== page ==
New Zealand Lord of the Rings Locations
When Kiwi movie maker Peter Jackson was faced with scouting locations for his big-screen interpretation of JRR Tolkien's The Lord of The Rings, it was an easy choice to turn to his homeland for inspiration. Two hugely successful movie trilogies later and New Zealand's dramatic landscapes have become synonymous with Tolkien's Middle Earth.
Over 150 locations throughout the country were used to film both The Lord of The Rings and The Hobbit, many of which are instantly recognisable and easily accessible. Visit the location of Edoras and the plains of the people of Rohan (near Christchurch – South Island), or the site of Rivendell – home of Elrond (Wellington – North Island). And these are just the start. We’ve spoken to our Flight Centre Travel Experts and found the best New Zealand Lord of the Rings locations, perfect for satisfying your inner hobbit:
Matamata, North Island
Take a trip to the Shire and walk among the hobbit holes of Hobbiton in Matamata. If you’re a lover of the Tolkien/Jackson movie franchise, exploring the 12 acres of lush pastures that make up this enchanting village inspires feelings of nostalgia – as if you’ve been here in another life. Grab a pint of traditional Southfarthing ale from the Green Dragon Inn, enjoy a buffet lunch in the Party Marquee or stop to admire the Mill.
Remember to ask your Flight Centre Travel Expert to arrange your tickets in advance for this one, as tickets can often sell out. Regular tours depart from Matamata, Rotorua, and we can also arrange transfers from Auckland.
Wellington, North Island
Mount Victoria is by far the easiest filming location to reach as it is within walking distance of Wellington city centre. It is the wooden area that played the role of Hobbiton Woods, where the young hobbits hide from the black riders. It's also a great spot for a beautiful view over the city – which is also home to the legendary Weta Workshop. Here, in the Weta Cave, you can geek out over all the props from the trilogies, immersing yourself in the memorabilia that made them possible. Props, weapons and costumes for District 9, The Chronicles of Narnia, and several other blockbusters can also be found here.
To glimpse the beauty and majesty of Rivendell, head for Kaitoke Regional Park, while a drive up the west coast to Queen Elizabeth Park reveals the spot where the Battle of the Pelennor Fields took place.
And then there’s the dramatic Putangirua Pinnacles – just a short drive away in the Wairarapa region. This is where Aragon, Legolas and Gimli walked in Return of the King, when they were seeking out the Paths of the Dead.
Tongariro National Park, North Island
Tongariro is the oldest national park in New Zealand, best known for its breathtaking mountain landscapes, vibrant green and blue lakes and the popular Tongariro Crossing, a particularly scenic hike which takes around a day.
You can tramp, cycle, helicopter and even ski in this majestic national park but, for any Lord of the Rings fan, the real highlight is following in Frodo’s footsteps and climbing Mount Ngauruhoe – aka Mount Doom. This perfect cone stratovolcano (one of three in the park) acted as a stand-in for the gloomy Mordor peak in the movies. In reality though, the hike to the summit offers beautiful, uplifting vistas, especially if you catch it at sunset or sunrise.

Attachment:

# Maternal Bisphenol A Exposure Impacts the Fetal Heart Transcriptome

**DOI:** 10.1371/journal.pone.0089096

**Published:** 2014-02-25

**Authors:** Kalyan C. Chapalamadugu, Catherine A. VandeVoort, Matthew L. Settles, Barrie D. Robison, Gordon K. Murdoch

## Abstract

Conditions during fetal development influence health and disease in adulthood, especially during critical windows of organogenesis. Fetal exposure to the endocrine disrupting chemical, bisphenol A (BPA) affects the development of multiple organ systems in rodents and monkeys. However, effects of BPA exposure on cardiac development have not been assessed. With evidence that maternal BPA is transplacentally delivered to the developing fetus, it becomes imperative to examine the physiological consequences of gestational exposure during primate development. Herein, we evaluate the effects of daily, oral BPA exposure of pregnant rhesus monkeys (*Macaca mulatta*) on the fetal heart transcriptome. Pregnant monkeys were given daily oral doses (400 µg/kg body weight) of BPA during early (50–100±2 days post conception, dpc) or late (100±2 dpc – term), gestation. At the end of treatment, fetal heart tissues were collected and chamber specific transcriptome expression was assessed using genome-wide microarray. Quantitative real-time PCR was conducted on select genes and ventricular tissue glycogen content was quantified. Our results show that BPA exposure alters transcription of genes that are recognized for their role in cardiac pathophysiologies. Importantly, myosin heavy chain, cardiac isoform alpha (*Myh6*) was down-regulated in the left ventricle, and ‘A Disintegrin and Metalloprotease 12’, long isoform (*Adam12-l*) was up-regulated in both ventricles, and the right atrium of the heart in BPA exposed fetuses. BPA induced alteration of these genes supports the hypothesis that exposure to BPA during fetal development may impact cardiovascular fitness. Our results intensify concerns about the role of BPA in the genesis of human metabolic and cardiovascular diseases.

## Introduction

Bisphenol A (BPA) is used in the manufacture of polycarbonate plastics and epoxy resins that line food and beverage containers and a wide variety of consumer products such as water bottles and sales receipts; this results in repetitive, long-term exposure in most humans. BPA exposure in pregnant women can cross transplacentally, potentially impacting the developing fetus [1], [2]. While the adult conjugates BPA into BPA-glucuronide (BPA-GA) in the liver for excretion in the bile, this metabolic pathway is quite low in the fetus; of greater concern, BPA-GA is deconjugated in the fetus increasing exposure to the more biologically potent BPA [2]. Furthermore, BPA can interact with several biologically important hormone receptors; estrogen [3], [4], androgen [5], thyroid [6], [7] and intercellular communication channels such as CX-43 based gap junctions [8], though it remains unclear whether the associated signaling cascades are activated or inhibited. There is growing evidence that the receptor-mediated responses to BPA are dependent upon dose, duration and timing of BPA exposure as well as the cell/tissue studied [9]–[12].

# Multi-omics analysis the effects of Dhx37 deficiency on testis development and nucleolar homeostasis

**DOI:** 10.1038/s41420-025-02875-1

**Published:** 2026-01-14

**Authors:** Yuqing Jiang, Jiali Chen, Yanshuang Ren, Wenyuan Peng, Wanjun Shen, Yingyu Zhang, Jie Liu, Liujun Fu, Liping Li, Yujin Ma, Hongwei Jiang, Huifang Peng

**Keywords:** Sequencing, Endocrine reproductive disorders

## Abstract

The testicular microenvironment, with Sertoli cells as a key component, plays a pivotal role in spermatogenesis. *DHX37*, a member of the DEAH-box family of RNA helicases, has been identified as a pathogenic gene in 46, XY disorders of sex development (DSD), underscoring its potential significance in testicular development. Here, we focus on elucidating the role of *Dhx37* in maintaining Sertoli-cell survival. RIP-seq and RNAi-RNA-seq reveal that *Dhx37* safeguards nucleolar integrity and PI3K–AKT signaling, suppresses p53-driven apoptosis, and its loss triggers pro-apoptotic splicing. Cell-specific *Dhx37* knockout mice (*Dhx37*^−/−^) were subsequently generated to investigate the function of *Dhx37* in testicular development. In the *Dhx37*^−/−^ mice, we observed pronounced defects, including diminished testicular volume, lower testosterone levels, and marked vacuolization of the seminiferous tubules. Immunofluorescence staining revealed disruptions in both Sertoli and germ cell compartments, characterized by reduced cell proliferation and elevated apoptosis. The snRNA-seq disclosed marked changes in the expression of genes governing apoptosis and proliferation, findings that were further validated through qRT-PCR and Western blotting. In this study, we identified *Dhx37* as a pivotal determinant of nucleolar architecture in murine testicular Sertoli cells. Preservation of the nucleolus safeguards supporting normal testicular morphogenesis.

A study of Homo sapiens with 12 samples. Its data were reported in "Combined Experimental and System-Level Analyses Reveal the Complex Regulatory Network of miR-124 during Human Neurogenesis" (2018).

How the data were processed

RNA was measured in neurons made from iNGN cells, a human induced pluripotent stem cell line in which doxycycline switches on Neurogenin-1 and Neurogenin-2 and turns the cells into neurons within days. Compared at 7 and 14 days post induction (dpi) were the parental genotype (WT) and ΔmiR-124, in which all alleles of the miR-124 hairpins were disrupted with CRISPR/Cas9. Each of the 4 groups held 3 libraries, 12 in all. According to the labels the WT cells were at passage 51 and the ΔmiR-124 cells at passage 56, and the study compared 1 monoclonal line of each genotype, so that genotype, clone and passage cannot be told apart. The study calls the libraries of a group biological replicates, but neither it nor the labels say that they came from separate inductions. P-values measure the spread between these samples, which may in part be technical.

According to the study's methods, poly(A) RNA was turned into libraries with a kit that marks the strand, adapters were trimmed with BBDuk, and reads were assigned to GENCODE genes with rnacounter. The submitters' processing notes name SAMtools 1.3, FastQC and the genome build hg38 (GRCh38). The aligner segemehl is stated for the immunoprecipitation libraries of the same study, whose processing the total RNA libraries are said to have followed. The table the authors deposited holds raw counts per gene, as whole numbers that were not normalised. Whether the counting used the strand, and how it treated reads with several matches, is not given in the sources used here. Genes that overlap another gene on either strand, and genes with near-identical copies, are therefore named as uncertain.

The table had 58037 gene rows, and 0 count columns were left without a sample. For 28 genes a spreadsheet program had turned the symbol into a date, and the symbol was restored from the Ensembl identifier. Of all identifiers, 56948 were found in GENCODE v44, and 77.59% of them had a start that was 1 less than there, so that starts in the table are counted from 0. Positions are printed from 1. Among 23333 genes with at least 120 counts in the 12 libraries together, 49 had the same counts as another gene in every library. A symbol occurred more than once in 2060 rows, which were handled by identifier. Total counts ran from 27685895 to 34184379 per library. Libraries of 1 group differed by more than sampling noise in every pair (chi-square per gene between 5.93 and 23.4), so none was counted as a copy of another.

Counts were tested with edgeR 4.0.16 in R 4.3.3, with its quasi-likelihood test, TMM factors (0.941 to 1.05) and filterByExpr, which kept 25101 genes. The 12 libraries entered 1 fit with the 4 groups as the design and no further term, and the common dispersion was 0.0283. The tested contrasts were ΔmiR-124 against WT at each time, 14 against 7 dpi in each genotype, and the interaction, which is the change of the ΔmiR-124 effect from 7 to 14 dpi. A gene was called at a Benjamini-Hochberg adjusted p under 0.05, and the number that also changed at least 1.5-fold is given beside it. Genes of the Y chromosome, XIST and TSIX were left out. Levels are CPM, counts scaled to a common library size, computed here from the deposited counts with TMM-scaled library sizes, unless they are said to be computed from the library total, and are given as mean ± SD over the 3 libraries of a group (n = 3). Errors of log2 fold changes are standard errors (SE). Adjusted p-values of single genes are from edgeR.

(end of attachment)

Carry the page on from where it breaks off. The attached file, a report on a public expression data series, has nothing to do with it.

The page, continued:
Nelson Tasman, South Island
Want to get your hands on ‘My Precious’? Well in Nelson Tasman you can see it on display in Jens Hansen goldsmiths, the store that created the 40 (one) rings used in the film. The jeweller even offers 9ct and 18ct gold replicas for you to buy and take home – the ultimate souvenir; no wrestling with Gollum required.
If you’re a big fan of Strider/Aragon (who isn’t?), head over Takaka Hill to discover Bree’s Chetwood Forest, the fictional spot where he helped Frodo, Sam, Merry and Pippin flee from the Black Riders.
The Southern Lakes, South Island
Water and mountains – with their drama and beauty – understandably feature heavily in the Lord of the Rings and Hobbit movies. The northern end of Lake Wakatipu, along with Mount Earnslaw, had a starring role in the opening sequence of The Two Towers, while Arrowtown (near Queenstown) is where you’ll find the Ford of Bruinen. This breathtaking river location is where Arwen dramatically saved a withering Frodo from the Black Riders before taking him to Rivendell.
For a bird’s eye view of Middle Earth in all its glory, head for the summit of Mount Cardona.
Fiordland National Park, South Island
Remember that intense scene in the first film, where the Fellowship paddled down the Anduin River, dwarfed by two giant statues? You can see this exact spot along the Waiau River, between Te Anau and Manapouri. The statues were all CGI sadly, but the towering rocky landscapes will give you a true feel for the scene.
Also near Te Anau you’ll find the real-life Fangorn Forest. Mountains, lakes, fjords and forest – Fiordland National Park was the perfect double for this mythical region Tolkien dreamt up.